Why Owners Choose Not to Sell
August 12, 2013 by Stephanie Potash
- They still have enough fire in the belly to fuel their investment of time and energy in the business.
- They are grooming interested family members or employees to one day assume the reins.
Some owners, however, have businesses that are prepared for sale, but hesitate. Why? These owners typically don’t sell when they should because: 1) they procrastinate; 2) they fear the unknown; or 3) they fear losing the known.
Procrastination on the part of an owner is not uncommon and has many causes.
- First, some owners just don’t know where or how to start planning an exit. If you are one of those owners, then reading the remainder of this article is a good start. The next step is to contact our offices to begin the process of creating an Exit Plan that allows you to cash out of your business and leave in style when you are ready to do so.
- Second, some owners think that they can always sell later. These owners overlook the demographic evidence indicating that when most Boomers reach retirement age, the glut of companies in the marketplace may drive prices down. Other owners in this group understand that the level of activity in the Mergers & Acquisition market can have a huge affect on the sale price of a company and their strategy is to wait until the market recovers.
- In the third group of procrastinating owners are those who believe that because they have “good” businesses, their exits require no significant planning. When they think about selling, they assume that there isn’t much for them to do because when the time is right, the right buyers will appear and pay them great prices for their companies.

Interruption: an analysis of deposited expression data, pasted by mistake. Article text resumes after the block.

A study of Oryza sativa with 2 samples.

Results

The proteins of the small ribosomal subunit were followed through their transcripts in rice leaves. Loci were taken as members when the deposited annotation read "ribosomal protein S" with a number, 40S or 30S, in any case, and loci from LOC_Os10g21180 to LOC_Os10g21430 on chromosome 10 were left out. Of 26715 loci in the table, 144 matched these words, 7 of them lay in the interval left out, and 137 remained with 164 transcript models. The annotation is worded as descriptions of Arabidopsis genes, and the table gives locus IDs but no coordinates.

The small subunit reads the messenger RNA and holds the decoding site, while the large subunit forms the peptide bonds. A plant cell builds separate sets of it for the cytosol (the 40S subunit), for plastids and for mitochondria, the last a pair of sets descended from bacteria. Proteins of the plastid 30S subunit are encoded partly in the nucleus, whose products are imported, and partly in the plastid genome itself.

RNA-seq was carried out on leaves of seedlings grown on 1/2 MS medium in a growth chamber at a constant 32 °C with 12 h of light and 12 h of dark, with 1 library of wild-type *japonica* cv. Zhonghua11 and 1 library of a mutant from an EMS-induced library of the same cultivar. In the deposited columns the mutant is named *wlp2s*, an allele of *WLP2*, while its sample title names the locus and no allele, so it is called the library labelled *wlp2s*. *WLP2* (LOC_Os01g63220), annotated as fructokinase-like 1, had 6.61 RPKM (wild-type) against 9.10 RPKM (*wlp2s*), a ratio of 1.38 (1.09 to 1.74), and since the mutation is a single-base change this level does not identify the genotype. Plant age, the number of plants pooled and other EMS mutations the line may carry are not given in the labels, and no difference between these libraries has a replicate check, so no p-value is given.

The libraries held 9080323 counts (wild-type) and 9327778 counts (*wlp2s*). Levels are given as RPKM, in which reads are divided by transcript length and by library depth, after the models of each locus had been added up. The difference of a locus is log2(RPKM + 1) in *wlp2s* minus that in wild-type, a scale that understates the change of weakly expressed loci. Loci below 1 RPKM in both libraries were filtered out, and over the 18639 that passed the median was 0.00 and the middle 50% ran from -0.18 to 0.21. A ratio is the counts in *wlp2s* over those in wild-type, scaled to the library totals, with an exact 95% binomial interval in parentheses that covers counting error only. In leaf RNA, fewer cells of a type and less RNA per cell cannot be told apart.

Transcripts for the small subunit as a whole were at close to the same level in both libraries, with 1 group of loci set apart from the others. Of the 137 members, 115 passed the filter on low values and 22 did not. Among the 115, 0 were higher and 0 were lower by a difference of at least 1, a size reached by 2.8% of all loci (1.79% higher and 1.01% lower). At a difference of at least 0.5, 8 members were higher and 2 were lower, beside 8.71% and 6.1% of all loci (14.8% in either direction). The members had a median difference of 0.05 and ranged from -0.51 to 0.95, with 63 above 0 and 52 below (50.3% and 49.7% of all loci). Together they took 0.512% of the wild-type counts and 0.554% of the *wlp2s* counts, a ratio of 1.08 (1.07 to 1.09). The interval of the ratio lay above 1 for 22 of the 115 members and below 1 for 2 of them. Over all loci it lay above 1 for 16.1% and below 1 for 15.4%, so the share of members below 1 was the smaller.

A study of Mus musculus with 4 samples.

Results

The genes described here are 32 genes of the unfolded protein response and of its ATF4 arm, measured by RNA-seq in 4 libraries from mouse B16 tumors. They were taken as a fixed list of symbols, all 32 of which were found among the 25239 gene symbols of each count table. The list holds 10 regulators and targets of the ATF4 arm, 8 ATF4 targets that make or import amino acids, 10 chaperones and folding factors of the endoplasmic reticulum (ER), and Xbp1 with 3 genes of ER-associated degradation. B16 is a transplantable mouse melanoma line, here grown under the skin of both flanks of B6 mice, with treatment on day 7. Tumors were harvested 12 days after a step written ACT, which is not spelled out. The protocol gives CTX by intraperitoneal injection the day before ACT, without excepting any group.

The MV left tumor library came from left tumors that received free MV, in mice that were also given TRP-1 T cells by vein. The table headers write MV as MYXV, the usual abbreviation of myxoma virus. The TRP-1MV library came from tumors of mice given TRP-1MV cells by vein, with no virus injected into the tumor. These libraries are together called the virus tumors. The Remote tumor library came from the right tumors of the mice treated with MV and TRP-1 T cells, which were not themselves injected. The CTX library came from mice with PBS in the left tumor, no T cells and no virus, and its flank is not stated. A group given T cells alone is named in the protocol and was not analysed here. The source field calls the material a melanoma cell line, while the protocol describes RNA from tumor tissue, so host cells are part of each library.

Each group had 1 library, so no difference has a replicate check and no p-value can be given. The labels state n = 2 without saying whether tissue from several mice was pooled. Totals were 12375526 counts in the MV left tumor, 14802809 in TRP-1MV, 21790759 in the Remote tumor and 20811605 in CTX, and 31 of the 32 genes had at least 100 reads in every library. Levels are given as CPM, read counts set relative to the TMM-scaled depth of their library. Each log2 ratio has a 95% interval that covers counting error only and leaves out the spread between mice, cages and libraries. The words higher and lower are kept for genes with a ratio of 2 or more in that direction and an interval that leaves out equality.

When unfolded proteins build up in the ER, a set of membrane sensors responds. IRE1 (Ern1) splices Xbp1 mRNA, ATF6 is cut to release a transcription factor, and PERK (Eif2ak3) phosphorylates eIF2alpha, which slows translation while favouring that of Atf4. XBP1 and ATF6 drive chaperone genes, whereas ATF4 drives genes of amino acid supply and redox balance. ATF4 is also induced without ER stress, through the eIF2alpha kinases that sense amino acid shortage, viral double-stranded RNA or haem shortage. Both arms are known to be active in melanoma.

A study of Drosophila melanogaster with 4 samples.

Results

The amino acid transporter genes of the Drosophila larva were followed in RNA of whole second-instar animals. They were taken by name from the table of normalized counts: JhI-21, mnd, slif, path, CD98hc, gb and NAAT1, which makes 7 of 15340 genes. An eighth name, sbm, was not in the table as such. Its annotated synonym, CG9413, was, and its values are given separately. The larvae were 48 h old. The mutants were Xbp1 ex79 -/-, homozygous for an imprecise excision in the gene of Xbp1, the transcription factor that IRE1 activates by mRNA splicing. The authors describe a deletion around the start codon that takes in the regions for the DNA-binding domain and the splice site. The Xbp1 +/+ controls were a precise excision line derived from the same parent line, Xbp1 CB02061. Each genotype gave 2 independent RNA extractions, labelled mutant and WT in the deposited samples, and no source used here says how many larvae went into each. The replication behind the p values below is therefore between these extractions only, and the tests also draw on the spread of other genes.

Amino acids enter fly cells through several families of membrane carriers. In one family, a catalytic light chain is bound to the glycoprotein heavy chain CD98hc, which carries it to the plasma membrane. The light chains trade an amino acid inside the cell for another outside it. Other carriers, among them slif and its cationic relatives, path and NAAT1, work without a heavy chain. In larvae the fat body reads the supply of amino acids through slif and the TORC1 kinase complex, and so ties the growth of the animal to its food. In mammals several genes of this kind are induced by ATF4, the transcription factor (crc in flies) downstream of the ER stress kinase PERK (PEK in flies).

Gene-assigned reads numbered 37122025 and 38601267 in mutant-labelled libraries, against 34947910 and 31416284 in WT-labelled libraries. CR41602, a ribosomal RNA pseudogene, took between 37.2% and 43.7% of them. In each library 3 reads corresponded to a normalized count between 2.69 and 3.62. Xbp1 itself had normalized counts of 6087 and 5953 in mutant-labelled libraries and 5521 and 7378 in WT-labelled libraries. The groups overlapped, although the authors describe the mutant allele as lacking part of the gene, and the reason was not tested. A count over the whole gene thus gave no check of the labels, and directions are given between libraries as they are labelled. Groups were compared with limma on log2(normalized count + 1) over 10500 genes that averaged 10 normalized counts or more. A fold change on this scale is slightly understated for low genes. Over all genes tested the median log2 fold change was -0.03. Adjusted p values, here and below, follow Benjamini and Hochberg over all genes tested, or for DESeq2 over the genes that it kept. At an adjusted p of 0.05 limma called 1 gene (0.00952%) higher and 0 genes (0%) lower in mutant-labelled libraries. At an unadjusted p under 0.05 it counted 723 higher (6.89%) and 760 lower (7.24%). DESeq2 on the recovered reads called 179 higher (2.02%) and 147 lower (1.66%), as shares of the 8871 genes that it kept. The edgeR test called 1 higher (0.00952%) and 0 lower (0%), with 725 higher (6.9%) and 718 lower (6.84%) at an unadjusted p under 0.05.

It does happen, albeit quite rarely, that the right buyer appears and pays a great price for a great company. However, it makes more sense to prepare for the biggest financial transaction of your life than to entrust the success of your business exit to Lady Luck.
Fear of the Unknown
Owners who suffer from the fear of the unknown usually hold one (or more) of the following opinions:
- I don’t think the business is worth enough to satisfy my financial needs and objectives.
- If the employees discover I’m trying to sell, they will all quit.
- Because I’m indispensable to the company, I’ll be required to work years for a new owner and I don’t like working for anyone!
- The sale process will take too long and cost too much.
Fear of Losing the Known
On the other hand, the fear of losing the known is usually based on the following:
- The business has been my life—or at least it has given my life a great deal of meaning and focus; without it I may feel lost.
- The government will take too much in taxes. It is easier, less risky and more lucrative to stay, enjoy the cash flow and then leave getting paid over time.
- What will I do after I sell and leave the business? I don’t know what my life will look like if I leave.
If one (or more) of these concerns resonates with you, let’s meet to assess them. We can help you identify which concerns are real and which ones may be easily resolved. We can help you: 1) set and address all of your personal and business objectives; 2) review all of the factors associated with exiting your business; and 3) remove or minimize common roadblocks to a successful exit.
Subsequent issues of The Exit Planning Review™ provide balanced and advertising-free information about all aspects of Exit Planning. We have newsletter articles and detailed White Papers related to this and other Exit Planning topics. If you have any questions or want additional Exit Planning information, please contact us.
Circular 230 Disclosure: Pursuant to recently-enacted U.S. Treasury Department Regulations, we are now required to advise you that, unless otherwise expressly indicated, any federal tax advice contained in this communication, including attachments and enclosures, is not intended or written to be used, and may not be used, for the purpose of: (i) avoiding tax-related penalties under the Internal Revenue Code or; (ii) promoting, marketing or recommending to another party any tax-related matters addressed herein.